Phosphorescent material inspired by glowing wood

Friday, 03 September, 2021

Phosphorescent material inspired by glowing wood

Scientists from Northeast Forestry University and the University of Bath have harnessed the natural ability of wood to faintly glow to develop a new sustainable phosphorescent material that could potentially be used in a wide number of applications, from medical imaging and optical sensing to ‘glow in the dark’ dyes and paints.

Room-temperature phosphorescence (RTP) is when a material absorbs energy with a short wavelength (such as UV light) and then emits it as visible light. This contrasts with fluorescent materials, which immediately emit the light again and stop glowing when the light is switched off.

The researchers found that basswood naturally and weakly phosphoresces, releasing light for a few milliseconds due to lignin, a major component of wood, being trapped within a 3D matrix of cellulose. This inspired them to mimic the glowing properties by crosslinking lignin within a 3D polymer network, which caused it to glow visibly for around one second.

They found by tweaking the cavity sizes within the network, and varying drying times of the polymer, they could alter the duration of the phosphorescence. The results have been published in the journal Cell Reports: Physical Science.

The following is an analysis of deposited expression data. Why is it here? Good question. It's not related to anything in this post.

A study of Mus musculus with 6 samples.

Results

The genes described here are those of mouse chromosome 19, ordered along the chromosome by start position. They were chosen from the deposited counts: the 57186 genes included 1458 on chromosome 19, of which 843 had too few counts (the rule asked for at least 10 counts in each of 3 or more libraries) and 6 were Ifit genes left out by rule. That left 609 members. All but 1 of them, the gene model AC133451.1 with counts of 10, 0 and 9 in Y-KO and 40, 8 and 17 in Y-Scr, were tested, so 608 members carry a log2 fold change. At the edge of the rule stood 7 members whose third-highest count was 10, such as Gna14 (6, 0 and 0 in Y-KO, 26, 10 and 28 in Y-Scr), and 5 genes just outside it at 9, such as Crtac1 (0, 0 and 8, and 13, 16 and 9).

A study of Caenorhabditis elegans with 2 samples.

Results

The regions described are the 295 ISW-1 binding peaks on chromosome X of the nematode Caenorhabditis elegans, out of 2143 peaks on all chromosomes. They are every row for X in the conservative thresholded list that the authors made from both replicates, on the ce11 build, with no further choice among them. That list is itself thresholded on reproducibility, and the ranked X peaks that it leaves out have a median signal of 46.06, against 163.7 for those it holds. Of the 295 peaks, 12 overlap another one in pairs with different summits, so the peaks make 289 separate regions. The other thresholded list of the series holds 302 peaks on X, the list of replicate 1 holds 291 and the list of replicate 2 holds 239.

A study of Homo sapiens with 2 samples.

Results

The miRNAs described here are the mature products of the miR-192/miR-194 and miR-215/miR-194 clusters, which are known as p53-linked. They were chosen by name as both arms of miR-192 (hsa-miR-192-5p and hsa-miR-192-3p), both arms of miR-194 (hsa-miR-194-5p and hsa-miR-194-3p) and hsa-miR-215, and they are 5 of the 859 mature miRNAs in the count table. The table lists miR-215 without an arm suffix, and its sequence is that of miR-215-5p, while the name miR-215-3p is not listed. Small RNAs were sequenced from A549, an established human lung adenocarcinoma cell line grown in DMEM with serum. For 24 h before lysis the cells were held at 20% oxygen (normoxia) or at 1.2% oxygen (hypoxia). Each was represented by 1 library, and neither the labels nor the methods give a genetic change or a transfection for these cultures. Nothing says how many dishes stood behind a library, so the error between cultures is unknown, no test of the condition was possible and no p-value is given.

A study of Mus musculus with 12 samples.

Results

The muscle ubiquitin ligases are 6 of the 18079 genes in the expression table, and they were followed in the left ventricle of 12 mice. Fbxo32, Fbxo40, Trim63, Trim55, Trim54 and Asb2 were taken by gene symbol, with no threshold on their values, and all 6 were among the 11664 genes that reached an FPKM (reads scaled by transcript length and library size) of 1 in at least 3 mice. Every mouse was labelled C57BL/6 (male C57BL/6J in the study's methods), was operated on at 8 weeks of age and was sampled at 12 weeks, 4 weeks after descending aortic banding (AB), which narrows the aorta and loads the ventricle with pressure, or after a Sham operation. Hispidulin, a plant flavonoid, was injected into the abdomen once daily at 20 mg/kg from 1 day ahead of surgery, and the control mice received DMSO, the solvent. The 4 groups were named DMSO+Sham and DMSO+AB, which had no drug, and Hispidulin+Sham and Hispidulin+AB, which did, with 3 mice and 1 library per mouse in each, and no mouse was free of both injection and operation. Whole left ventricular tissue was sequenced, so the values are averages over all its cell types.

“All lignin glows weakly, but most of the light energy is lost by vibration or movement of the lignin molecules, meaning it isn’t clearly visible to the naked eye,” said Professor Tony James, from the University of Bath’s Centre for Sustainable Circular Technologies.

“We’ve found that immobilising the lignin in an acrylic polymer means more energy is emitted as light — in other words, the less it rattles about, the more it glows.

“Most current phosphorescent materials are either toxic or difficult to prepare, so we wanted to develop a new material that overcame these limitations.”

To demonstrate the new material, the team used it to dye threads that could be used in luminescent textiles. This has potential use for the easy identification and the anti-counterfeiting protection of luxury textiles or bags.

“We think this work will not only provide a new option for sustainable afterglow materials but is also a new route for the value-added utilisation of lignin, which is the main naturally occurring aromatic polymer, and the pulping industry produces 60 million tons per year,” said lead corresponding author Professor Zhijun Chen, from Northeast Forestry University.

Prof James concluded, “Although there is room for improvement, our new material shows great potential for making a more stable, sustainable, biodegradable non-toxic phosphorescent material that could be used in a range of applications.”

Image caption: The leaves on the left were embroidered using fluorescent thread which glows under UV light. The leaves on the right glow briefly after the UV lamp has been switched off.